Hello World in Bash

Hello World in Bash Featured Image

Welcome back to yet another article in the Hello World in Every Language series! Today, we’re going to continue the trend of community submissions with Hello World in Bash, a solution shared by Abdus Samad AzadOpens in a new tab..

Table of Contents

Bash Background

According to WikipediaOpens in a new tab., Bash is a command language first released back in 1989. Despite its age, Bash is till heavily maintained with changes tracked in gitOpens in a new tab..

In terms of features, Bash supports variables, piping, globbing, control flow, and even iteration. Of those features, perhaps the coolest is globbing—also known as wildcard matching. Globbing can be used to retrieves sets of files that match a wildcard expression.

Beyond that, Bash is ubiquitous in the Linux/Unix/Mac communities. After all, it’s the standard shell on most systems. In fact, it even has support on Windows 10. That means shell scripts are fairly portable. However, users will have to pay attention to code that doesn’t conform the Bourne shellOpens in a new tab. standards.

You’d be hard pressed to find a popular system that doesn’t support Bash today. Even Jenkins, a continuous integration utility, supports Bash scripting during builds.

Hello World in Bash

At any rate, let’s implement Hello World in Bash:

echo Hello, World!

Or, if we want to be a bit more verbose:


echo Hello, World!

As we can see, printing “Hello, World!” in Bash is quite simple. All we do is call the echo command to print the string.

As an added note, the shebang (#!) tells the environment how to run the script. In this case, we want to run the script using Bash. But, we can use this same notation for other languages as well:

#!/usr/bin/env python

print("Hello, World!")
#!/usr/bin/env ruby

puts "Hello, World!"
#!/usr/bin/env node

console.log("Hello, World!")

Here, we have Hello World in Python, Ruby, and Node.js, respectively. Each of these scripting languages can leverage the shebang syntax for easy execution in Unix, Linux, and Mac environments.

How to Run the Solution

If we want to run the solution, we can easily leverage an online Bash shellOpens in a new tab.. To use the tool, we just have to drop our solution into the editor and hit run.

Alternatively, if we have a bash shell available, we can easily download the scriptOpens in a new tab., navigate to its folder from the command line, and run it:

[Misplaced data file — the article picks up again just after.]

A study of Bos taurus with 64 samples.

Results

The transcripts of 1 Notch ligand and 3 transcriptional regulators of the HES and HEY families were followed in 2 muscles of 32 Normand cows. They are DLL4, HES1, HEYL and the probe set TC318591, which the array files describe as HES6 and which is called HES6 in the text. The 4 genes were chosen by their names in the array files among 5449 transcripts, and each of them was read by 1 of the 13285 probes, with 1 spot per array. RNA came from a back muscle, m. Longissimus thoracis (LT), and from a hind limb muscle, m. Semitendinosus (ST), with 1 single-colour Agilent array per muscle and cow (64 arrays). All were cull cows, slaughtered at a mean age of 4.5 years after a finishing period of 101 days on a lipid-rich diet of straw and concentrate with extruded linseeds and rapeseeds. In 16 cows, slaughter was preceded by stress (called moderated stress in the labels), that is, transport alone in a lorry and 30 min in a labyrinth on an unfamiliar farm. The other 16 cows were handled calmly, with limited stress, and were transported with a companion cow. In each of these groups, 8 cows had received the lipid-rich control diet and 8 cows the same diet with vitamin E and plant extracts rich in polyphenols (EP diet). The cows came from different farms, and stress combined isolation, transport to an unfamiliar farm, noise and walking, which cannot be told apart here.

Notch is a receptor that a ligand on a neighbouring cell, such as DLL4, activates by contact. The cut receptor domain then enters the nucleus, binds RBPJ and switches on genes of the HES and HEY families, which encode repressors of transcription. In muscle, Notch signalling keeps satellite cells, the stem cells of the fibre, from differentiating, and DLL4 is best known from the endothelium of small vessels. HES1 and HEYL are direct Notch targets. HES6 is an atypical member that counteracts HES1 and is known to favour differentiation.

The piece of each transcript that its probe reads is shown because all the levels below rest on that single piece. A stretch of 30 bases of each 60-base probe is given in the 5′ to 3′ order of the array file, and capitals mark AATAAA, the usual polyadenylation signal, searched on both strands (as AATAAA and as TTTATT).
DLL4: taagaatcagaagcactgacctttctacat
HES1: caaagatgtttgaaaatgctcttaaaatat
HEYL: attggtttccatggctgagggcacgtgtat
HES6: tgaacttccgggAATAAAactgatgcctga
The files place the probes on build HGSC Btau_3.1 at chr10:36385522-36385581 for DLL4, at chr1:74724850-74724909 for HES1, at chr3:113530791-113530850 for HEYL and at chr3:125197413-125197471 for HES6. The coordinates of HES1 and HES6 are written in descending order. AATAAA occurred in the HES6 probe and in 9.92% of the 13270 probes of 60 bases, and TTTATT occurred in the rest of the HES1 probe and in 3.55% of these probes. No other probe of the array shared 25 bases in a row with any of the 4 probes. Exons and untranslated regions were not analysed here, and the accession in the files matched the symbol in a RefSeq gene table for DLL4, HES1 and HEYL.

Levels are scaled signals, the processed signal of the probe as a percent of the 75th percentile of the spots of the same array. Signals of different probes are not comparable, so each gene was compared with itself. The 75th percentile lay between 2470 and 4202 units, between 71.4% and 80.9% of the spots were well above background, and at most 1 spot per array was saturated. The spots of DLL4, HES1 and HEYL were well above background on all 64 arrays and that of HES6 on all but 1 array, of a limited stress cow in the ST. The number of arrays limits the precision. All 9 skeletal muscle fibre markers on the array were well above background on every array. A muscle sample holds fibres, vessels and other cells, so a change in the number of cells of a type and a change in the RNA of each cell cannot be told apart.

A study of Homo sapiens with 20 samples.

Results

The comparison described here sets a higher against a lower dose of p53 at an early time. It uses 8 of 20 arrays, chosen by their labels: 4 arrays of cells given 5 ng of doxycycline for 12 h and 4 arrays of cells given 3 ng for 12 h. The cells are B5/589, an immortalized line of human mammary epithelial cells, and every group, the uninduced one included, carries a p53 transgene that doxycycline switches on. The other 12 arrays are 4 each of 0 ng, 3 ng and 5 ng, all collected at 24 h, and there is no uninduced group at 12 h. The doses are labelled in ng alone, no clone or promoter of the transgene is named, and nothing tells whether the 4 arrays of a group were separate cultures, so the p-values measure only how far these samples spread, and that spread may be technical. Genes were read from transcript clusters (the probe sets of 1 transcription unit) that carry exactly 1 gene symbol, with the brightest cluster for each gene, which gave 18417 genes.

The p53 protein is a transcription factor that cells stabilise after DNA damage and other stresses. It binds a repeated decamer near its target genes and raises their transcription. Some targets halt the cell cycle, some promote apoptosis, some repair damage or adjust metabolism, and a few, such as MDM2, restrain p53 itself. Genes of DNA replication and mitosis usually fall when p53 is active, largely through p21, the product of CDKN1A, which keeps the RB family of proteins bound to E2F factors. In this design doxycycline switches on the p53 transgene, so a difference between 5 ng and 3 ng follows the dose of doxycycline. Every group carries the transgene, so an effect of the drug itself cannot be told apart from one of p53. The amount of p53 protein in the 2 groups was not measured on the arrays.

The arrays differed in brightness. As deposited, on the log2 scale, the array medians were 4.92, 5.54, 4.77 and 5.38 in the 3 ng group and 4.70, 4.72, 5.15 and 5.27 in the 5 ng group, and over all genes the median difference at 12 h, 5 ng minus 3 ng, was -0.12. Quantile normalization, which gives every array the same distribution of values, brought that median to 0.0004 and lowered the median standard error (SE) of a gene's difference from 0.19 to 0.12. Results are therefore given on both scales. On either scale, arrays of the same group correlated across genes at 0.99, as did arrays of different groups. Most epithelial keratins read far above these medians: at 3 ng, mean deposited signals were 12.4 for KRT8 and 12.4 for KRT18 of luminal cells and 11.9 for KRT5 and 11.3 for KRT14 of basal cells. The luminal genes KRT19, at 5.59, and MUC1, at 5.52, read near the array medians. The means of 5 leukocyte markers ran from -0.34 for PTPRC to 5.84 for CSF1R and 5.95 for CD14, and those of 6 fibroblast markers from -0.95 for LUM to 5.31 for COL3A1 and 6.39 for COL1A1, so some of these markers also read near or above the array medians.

In fact, even Windows 10 users can leverage Bash. How-To Geek has a nice tutorial on how to use Bash on Windows 10Opens in a new tab.. If that sounds interesting, check it out!

Sample Programs in Every Language

And, that’s it for Hello World in Bash. If you’re interested in any languages that haven’t made it in the series yet, don’t be afraid to share one in the comments. I’m always looking for new languages to expand the series.

Again, I have to thank Abdus Samad Azad for their contribution to the series. If you’d like to be mentioned in a future article, hop on over to the repositoryOpens in a new tab. and make your contribution. I always make sure to give my contributors credit.

Oh, one last thing: make sure you share this article if you enjoyed it. I’m sure others will as well!

Sample Programs in Every Language (44 Articles)—Series Navigation

For 100 Days of Code, I’ve decided to implement a few sample programs in as many languages as possible. Each implementation details a brief history of the language and a description of the code.

The plan for the series is to explore the major general-purpose language like Java, Python, C, C++, and C#. From there, we’ll take a look at some sample programs in web development languages like Ruby, PHP, and JavaScript. As we continue, we’ll cover proprietary languages like Swift and Objective-C. Eventually, we’ll start to tackle less popular languages like Rust, x86, and Verilog. Finally, we’ll play around with some of the esoteric languages like Brainf*ck and LOLCODE.

Who knows? Maybe the Sample Programs in Every Language series will become so popular it’ll never end. To help this series grow, consider sharing it on social media with your friends. Or, if you have a language you want to see, drop your suggestion in the comments.

Jeremy Grifski

Jeremy grew up in a small town where he enjoyed playing soccer and video games, practicing taekwondo, and trading Pokémon cards. Once out of the nest, he pursued a Bachelors in Computer Engineering with a minor in Game Design. After college, he spent about two years writing software for a major engineering company. Then, he earned a master's in Computer Science and Engineering. Today, he pursues a PhD in Engineering Education in order to ultimately land a teaching gig. In his spare time, Jeremy enjoys spending time with his wife, playing Overwatch and Phantasy Star Online 2, practicing trombone, watching Penguins hockey, and traveling the world.